Scientific Trials and Investigations
The Healthy Coorong, Healthy Basin (HCHB) program recognises that a collaboration between science, Traditional Owners and the community is critical to the continued restoration of this breathtaking landscape. As such, the scientific trials and investigations project is working to fill critical knowledge gaps and provide the scientific evidence-base to inform management actions to improve the long-term health of the Coorong.
More specifically, trials and investigations will inform the development of improved ways to:
- reduce nutrient loads (levels) and algae abundance in the Coorong
- switch the South Lagoon back to an aquatic plant dominated system rather than an algal dominated system
- provide the food resources that are required to support waterbirds and fish populations
- increase the abundance and distribution of waterbird populations at local and regional scales within the Coorong
- incorporate cultural knowledge and values of the First Nations into decision-making
- identify the adaptation pathways that are required to ensure that the ecological values of the Coorong are maintained into the future under a changing climate.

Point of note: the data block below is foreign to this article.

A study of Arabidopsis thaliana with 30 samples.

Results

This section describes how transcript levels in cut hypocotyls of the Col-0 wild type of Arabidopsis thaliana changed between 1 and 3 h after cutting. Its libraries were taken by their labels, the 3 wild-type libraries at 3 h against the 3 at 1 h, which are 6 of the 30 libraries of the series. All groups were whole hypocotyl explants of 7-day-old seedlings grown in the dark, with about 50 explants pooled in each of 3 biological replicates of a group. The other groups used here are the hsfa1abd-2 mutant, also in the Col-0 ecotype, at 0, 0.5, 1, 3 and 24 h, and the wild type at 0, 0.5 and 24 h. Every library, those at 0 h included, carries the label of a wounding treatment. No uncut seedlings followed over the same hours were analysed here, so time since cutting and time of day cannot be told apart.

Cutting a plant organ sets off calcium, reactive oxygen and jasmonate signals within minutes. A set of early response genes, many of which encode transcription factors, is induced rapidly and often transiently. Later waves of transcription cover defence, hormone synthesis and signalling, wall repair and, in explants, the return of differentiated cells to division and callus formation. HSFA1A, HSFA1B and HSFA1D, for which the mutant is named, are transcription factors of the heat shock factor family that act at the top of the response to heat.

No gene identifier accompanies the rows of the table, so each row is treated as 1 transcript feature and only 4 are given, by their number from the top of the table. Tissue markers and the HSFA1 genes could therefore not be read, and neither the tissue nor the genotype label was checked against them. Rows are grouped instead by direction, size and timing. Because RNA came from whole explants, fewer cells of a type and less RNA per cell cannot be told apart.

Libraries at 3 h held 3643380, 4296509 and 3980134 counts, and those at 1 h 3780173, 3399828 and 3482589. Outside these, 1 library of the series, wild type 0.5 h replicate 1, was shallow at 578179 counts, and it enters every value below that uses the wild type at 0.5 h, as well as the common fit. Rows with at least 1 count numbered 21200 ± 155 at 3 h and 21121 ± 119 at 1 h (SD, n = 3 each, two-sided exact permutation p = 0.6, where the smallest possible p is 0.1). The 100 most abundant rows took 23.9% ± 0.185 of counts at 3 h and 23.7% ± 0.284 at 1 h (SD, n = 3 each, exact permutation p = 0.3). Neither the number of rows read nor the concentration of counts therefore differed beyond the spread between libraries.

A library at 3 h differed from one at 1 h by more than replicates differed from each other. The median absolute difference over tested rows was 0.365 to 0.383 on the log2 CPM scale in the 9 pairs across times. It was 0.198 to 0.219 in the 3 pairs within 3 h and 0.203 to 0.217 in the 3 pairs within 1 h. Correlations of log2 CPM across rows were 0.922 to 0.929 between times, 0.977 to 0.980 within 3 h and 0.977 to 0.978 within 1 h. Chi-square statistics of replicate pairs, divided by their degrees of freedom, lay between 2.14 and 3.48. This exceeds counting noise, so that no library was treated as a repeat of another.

An integration project will unite past and new knowledge gained from the above trials and investigations and translate it into tools and products to inform and optimise management of the Coorong. Results of the trials and investigations, along with community and Traditional knowledge, will provide new information to help make better evidence-based decisions about future long-term management actions such those being delivered through the Coorong Infrastructure Investigations and On Ground Works projects.
Bringing together industry-experts
Trials and investigations brings together independent experts in multi-disciplinary collaborative teams across the Goyder Institute for Water Research, including staff from the Commonwealth Scientific and Industrial Research Organisation (CSIRO), the Department for Environment and Water, Flinders University, The University of Adelaide, University of South Australia and the South Australian Research and Development Institute (SARDI).
A First Nations knowledge project is being led by the Ngarrindjeri Aboriginal Corporation. Find out more.